Friday

The Italian Renaissance House

Italian Renaissance style architecture is found throughout the United States in early 20th century houses.  To me, the Italian Renaissance house, with it's low-pitched roof (usually covered in ceramic tile), arched windows and doorways, porches and intricate details like cut stone, decorative brackets and broad eaves is one of the most beautiful.  Most of these houses were architect-designed landmarks in major metropolitan areas.
The house above was built in the Indian Village area of Detroit, probably for a prominent auto-industry executive.  Notice the symmetry, the large eave, the limestone door surround.  This is a beautiful example.

This house is one of my favorites.  Not only because my company built it, but also because every aspect of this house was built and designed to match how it would have been done in the 1920s or 30s.  The original house was a simple one story house built in 1915.  Prior owners had found plans dated 1929 inside the walls of the house by local architect Joseph Pelich.  The story goes that the owners had plans to do the work in 1930, but two months later the stock market crashed followed by the Depression put the plans on hold and they never did the work.  The current owners hired us to do carry out the plans (the new plans incorporated most of the details of the 1929 plans, but updated for today's living).

The entire second story was added, most of the first level was completely gutted and the location of the front door was altered to face the street.  This was one of the most challenging jobs we have faced and the outcome is beautiful.  It was a fun job, as the architectural plans were very precise, the details immaculate and we had great clients to work with.  It is now a landmark house in a beautiful area of Fort Worth.  You can find more examples in Betty Lou Phillps book, Inspirations from France & Italy.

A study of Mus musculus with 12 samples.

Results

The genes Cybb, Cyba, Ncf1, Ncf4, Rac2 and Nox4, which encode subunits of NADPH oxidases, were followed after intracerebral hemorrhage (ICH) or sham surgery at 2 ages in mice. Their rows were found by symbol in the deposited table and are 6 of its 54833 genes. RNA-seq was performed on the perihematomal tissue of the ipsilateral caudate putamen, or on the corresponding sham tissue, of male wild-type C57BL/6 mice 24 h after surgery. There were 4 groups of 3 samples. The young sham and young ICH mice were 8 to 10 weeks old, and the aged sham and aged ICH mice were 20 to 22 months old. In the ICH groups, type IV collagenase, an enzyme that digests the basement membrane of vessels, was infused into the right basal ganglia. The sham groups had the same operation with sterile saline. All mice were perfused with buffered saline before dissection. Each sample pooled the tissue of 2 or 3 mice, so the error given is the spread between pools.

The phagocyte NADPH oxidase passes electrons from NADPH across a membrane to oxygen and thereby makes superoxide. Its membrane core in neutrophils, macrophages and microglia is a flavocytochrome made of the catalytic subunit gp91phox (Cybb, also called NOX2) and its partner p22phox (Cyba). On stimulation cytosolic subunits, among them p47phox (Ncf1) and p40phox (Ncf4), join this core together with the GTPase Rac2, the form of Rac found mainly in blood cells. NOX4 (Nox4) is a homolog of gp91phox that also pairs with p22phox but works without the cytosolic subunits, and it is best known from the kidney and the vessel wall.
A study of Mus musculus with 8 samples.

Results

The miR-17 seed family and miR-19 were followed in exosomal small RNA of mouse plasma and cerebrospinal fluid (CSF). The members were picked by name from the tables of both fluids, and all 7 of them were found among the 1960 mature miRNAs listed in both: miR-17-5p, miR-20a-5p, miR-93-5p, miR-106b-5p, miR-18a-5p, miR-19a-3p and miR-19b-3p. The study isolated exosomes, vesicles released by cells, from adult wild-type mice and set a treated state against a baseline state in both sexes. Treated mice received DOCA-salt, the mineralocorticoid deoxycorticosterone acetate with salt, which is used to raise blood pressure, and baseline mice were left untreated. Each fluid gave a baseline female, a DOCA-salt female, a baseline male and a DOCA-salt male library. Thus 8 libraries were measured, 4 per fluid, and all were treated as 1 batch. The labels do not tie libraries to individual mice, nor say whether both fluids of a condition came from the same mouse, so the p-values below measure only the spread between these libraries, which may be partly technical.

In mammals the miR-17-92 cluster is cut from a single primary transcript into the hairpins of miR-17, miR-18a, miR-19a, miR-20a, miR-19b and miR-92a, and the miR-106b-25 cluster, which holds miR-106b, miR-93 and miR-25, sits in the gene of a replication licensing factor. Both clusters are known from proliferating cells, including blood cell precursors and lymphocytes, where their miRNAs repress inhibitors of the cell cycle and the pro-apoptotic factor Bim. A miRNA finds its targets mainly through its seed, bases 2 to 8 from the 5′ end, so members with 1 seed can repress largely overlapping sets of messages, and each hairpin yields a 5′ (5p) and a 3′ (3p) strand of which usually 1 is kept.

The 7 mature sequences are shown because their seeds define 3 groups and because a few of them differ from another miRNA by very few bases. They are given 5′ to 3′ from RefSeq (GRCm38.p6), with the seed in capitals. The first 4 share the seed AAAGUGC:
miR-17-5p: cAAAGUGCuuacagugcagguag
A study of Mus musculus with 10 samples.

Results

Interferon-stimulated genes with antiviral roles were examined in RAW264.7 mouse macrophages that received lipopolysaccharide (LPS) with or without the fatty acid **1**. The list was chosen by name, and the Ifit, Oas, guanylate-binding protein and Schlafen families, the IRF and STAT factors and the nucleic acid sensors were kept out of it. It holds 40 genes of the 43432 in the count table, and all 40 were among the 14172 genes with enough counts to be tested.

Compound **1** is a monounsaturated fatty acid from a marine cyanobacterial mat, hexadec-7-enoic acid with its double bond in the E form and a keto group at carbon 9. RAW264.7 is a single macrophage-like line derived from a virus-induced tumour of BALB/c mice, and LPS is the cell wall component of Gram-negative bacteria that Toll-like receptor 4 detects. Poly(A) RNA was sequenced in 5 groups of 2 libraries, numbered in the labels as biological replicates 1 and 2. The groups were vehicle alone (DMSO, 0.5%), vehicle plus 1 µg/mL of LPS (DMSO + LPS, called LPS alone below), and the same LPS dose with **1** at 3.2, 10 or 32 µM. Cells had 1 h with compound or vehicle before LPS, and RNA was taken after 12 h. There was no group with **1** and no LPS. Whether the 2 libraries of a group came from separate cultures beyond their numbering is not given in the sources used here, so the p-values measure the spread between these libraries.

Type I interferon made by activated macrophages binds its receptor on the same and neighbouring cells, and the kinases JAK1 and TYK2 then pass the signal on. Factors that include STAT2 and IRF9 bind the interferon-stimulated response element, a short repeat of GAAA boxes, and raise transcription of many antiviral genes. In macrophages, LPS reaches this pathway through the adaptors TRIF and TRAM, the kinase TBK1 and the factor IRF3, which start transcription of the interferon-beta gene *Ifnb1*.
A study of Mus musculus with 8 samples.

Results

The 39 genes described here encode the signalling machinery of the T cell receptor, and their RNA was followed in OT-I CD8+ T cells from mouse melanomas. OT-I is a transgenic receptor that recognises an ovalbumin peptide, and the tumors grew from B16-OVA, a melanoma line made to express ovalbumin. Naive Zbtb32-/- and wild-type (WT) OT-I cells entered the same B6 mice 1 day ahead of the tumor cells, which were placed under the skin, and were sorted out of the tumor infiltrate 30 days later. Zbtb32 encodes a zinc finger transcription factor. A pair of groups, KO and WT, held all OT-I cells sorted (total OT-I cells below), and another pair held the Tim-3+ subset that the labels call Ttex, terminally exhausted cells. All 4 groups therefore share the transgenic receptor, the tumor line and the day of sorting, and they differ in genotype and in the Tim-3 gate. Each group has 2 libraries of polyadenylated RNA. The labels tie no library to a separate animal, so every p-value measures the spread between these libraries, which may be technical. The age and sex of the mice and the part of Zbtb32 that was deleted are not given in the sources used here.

Here's another perfect example in Indian Village, Detroit.


The above pictures are other great examples of Italian Renaissance style.  The top picture is the famous Vizcaya in Palm Beach.  The next is a David Adler designed house in Chicago.  The bottom two are of a house in Atlanta designed by Philip Shutze.



9 comments:

Jason said...

I stumbled across your blog while searching for information on the 2009 southern accents show house.Have you had the pleasure to tour Swan House? There are several similar homes near Swan House including "the pink palace" which recently underwent a significant restoration. If interested visit www.541westpaces.com. The house is currently on the market.

Trey said...

I have only driven by but not toured it yet. Next time I'm in Atlanta I'll try and carve out some time to do it. In the meantime, thanks for the website. I'll look at it.

Jason said...

I interned at the Atlanta History Center in grad school and got to conduct tours of the house. They recently opened several additional rooms upstairs. It is well worth the time.

Jason said...

If you let me know when you will be in Atlanta, I will be glad to recommend some additional homes to see. Atlanta has a very diverse architectural style with some amazing homes built during the early 20th century. Again, I really like your blog.

Anonymous said...

i love the renaissance scheme. could you kindly tell me dimensions of the antique stone mantle (identified as 'italian renaissance mantle 3').

with thanks

Trey said...

I apologize, but not sure which one you mean. If you could send me an email I'll try and help you from there. Thank you for visiting my blog. Hope you like it.

Anonymous said...

The first house, in Detroit, is not in Indian Village and was not built for an auto exec, though auto execs lived in the neighborhood, which is called Boston Edison. The most famous owner of this house was Berry Gordy.

Renaissance Exteriors said...

There is lot of articles on the web about this. But I like yours more, although i found one that’s more descriptive.

Anonymous said...

Vizcaya was the James Deering residence in Coconut Grove, south of Miami. It's open as a house museum with original furnishings and 18 acres of incredible gardens.